Recently, I set out to more concretely take the pulse of agencies and marketers on RSS.
I’ve talked with a number of interesting, innovative thinkers and practitioners, and combined with reflections on my own experience in the RSS trenches, I’ve learned a number of things about this new medium and where we’re at in its ascension into the mainstream.
RSS in 2006
The one thing everyone agrees on is that RSS is early. If RSS were banner ads, then it’s still 1996, and there’s a lot of work to do to turn the clock ahead.
Clearly, RSS is also growing, and it’s growing fast — RSS use increased more than 50% last year and is growing even faster this year. But, there are also several critical issues that need to accompany the growth to make RSS as powerful as it can be for advertisers, publishers and consumers.
First, RSS needs a viable business model — which means it needs to become a better, more mainstream channel for advertising. Publishers have welcomed RSS with open arms – nearly every major media company publishes extensive content via RSS, but at the same time, publishers have not come up with (or been presented with) a clear advertising model to accompany their RSS efforts.
Second, RSS has great potential as a retention marketing tool for companies, but this aspect of RSS has also not been adopted. We see many publishers jumping on board to distribute content, but an untapped market exists for retailers, brand marketers, service providers and other companies to build loyalty and improve communications.
Third, RSS is a very promising but still immature vehicle for advertising. RSS has room to grow in a number of areas, including: 1) building a critical mass of audience 2) providing well-developed and measurable targeting options and 3) establishing proven, accepted advertising formats and best practices. Also, RSS, while much publicized, suffers from lack of real comprehension and familiarity — the reality is that most folks from all constituents (advertisers, consumers, marketers, agencies, etc.) simply just don’t know much about it.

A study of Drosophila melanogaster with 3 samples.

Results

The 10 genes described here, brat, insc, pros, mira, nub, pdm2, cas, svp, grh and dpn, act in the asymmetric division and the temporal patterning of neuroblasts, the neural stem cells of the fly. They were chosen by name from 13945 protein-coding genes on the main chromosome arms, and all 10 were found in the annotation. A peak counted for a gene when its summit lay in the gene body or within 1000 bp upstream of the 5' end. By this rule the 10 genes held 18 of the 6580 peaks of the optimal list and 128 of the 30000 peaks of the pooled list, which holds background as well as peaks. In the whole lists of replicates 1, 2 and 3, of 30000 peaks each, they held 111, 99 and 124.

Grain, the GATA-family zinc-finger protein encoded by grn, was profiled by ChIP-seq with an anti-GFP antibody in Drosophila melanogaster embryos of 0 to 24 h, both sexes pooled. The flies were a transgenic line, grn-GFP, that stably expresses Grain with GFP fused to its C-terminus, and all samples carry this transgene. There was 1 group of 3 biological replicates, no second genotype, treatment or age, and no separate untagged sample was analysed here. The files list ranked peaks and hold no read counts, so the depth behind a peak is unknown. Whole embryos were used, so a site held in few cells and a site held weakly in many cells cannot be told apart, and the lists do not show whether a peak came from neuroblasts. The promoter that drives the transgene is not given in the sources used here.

Targeting and Testing
For Adrian Funnell, Interactive Associate Media Director, Universal McCann SF, RSS advertising efforts have been largely experimental to date. While he plans continued investment in RSS, it’s still all about performance and campaigns need to deliver.
Funnell leads account work for some of Microsoft’s B2B products, and has tested RSS advertising to reach IT professionals, software developers and information workers, as these groups are heavy users of Microsoft products. Today’s early-adopter RSS audiences skew towards more technical-savvy consumers and thus provide an attractive channel for marketing technology products, at least on paper. In practice, however, results at this point have been inconsistent and varied widely.
The big obstacles for RSS advertising, according to Funnell, are audience size and targeting granularity. “We feel our campaigns may have performed better if the targeting opportunities were stronger,” comments Funnell. “Greater contextual targeting opportunities would help strengthen the tactic. RSS can be an exceptionally strong marketing channel but I think it’s still facing challenges in the advertising arena.”
Testing is a key part of becoming acquainted with RSS advertising. Funnell, who says he’s taking a cautious approach to RSS efforts, adds, “As we’ve seen, you wouldn’t want to jump in with both feet to any new media tactic.”